Asiana Crash: Plane Was 34 Knots Below Target Speed, NTSB Says
Monday, July 8, 2013
Three seconds before it struck the ground Saturday, the speed of Asiana Airlines Flight 214, a Boeing 777, was 103 knots -- the lowest measured by its data recorders, and far below the target speed of 137 knots, says National Transportation Board Chairman Deborah Hersman.
The crash-landing at San Francisco International Airport left two passengers dead and more than 180 people injured, as Mark reported for The Two-Way this morning.
NTSB investigators are interviewing the plane's four pilots today, Hersman said at a midday news briefing Monday. She confirmed that the pilot who was at the controls as the plane made its approach "was working on getting his rating on the 777," and was flying with a training captain. Another set of pilots was also on the flight, as is common on long international trips, she said.
More information about the pilots would likely be available at Tuesday's planned briefing, Hersman says.
As for reports that one of the Chinese teenagers who died in the accident Saturday might have been hit by an emergency response vehicle on the tarmac, Hersman says, "We are still looking at this issue.... The coroner has not yet determined the cause of death."
An initial review of video from the scene "wasn't conclusive," she says.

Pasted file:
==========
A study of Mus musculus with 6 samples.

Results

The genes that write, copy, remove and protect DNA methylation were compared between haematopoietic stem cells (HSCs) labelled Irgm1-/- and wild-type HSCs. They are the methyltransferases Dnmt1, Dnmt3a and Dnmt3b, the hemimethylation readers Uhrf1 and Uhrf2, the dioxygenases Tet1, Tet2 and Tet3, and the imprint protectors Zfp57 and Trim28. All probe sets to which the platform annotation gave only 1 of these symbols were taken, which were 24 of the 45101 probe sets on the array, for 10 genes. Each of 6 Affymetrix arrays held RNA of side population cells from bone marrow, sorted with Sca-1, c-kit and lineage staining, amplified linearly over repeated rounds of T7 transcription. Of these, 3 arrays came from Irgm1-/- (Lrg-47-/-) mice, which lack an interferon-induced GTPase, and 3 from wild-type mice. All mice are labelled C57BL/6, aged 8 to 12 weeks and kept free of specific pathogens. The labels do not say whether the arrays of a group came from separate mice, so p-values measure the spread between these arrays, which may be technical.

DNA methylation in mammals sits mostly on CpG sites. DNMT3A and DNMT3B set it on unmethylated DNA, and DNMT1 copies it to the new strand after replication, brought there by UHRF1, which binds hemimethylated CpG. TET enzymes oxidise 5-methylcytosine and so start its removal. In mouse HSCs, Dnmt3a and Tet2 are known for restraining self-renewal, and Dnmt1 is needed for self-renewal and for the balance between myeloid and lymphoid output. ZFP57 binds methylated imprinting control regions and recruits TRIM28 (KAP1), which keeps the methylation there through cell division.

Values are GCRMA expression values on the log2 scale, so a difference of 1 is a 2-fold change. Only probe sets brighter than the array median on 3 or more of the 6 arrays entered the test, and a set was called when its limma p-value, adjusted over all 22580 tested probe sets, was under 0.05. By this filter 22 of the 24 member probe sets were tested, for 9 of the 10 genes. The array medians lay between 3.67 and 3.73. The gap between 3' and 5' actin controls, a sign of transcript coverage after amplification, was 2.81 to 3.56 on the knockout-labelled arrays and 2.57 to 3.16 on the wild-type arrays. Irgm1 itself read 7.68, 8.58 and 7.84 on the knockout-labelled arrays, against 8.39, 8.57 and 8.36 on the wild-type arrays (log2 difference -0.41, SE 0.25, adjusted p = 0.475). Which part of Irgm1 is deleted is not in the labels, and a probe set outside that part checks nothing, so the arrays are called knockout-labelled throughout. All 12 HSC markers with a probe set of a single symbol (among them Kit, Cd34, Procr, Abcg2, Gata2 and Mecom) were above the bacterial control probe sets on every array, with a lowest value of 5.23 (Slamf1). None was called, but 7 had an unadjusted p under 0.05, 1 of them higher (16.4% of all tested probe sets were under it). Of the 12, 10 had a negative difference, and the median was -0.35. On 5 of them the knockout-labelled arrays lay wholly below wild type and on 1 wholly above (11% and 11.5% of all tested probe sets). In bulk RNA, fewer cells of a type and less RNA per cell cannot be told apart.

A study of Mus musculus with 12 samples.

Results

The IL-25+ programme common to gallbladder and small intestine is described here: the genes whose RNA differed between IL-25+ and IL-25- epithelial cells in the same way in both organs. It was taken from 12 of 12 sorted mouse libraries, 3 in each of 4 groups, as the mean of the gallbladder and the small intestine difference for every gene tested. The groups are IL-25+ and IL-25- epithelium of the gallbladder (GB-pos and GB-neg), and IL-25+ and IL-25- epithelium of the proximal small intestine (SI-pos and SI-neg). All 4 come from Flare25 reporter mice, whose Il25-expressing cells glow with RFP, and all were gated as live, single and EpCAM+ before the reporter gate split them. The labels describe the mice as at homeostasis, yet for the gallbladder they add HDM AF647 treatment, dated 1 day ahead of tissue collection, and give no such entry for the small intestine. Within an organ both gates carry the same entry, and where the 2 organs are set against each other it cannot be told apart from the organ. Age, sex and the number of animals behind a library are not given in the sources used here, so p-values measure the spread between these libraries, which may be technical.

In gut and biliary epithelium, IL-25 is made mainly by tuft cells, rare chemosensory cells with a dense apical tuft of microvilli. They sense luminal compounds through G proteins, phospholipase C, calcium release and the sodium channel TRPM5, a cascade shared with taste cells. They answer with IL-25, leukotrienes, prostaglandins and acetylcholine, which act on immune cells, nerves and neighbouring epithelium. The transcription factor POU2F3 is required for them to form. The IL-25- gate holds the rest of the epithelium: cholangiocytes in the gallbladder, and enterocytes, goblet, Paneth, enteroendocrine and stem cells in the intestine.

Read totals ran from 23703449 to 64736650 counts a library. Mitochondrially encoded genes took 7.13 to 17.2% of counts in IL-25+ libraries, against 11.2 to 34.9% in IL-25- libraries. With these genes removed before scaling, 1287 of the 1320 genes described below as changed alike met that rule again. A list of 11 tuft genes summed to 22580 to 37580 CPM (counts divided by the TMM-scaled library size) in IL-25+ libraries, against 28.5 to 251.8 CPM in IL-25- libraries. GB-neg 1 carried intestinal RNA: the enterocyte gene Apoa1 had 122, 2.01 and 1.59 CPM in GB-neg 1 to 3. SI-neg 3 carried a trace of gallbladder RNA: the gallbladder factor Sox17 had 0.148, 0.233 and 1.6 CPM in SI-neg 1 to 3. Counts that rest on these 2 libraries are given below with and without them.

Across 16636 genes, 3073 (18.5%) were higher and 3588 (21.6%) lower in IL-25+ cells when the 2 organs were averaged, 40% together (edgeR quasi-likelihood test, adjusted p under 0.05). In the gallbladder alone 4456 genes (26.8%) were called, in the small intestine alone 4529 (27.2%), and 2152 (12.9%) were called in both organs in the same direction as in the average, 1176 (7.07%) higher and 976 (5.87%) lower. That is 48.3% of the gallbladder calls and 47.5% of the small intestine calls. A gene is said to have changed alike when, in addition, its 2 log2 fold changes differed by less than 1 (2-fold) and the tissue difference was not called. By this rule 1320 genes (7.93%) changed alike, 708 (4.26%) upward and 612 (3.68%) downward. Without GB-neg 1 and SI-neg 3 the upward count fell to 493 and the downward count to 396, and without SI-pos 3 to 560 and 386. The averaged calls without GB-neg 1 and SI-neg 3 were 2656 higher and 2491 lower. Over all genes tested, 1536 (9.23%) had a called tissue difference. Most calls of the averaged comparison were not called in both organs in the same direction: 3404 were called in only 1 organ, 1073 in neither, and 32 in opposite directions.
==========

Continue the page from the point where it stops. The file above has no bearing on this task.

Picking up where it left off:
Here are more details she discussed Monday:
- The crew had flown in on a 17-mile straight approach, heading to San Francisco from the air over Sacramento.
- Radar data shows "no abnormally steep descent curve" in what has been reviewed, Hersman says.
- Evaluations show "that both of the engines were producing power" when the craft hit the ground.
- The No. 2 engine showed "evidence of high rotation" at the point of impact.
- Lower portion of the tail cone is in the rocks at the seawall before the runway.
- Debris from the seawall was found "several hundred feet" up the runway.
- The impact occurred about 82 seconds after auto-pilot was disabled.
- At 200 feet, the plane's airspeed was approximately 118 knots.
- Three seconds before impact, the craft's speed was 103 knots -- the lowest measured, and far below the target speed of 137 knots.
- When it struck, it had accelerated to 106 knots.
- The call to abort the landing and go around again, made seconds before the crash, is heard in the cockpit, but it wasn't made to the control tower.
- Investigators are looking into reports that at least one emergency ramp may have deployed inside the aircraft.
- Fuel samples have been taken for testing.
- Flight and data recorders will be transcribed and reviewed for both verbal statements as well as sounds made by the aircraft.
- There is a mix of English and Korean spoken on the voice recorders, Hersman says.
- "There are 1400 different parameters that are measured" by the flight data recorder.
- The plane involved had not been involved in previous problems or incidents.
One group of investigators will focus only on how the plane performed during the flight and approach, using videos of the crash-landing as well as evidence from the runway area.
Other analysts will be looking at how the plane came apart when it struck the ground, reviewing what pieces broke off, and which elements remained attached.
Copyright 2013 NPR. To see more, visit www.npr.org.
To view PDF documents, Download Acrobat Reader.
Please stay on topic and be as concise as possible. Leaving a comment means you agree to our Community Discussion Rules. We like civilized discourse. We don't like spam, lying, profanity, harassment or personal attacks.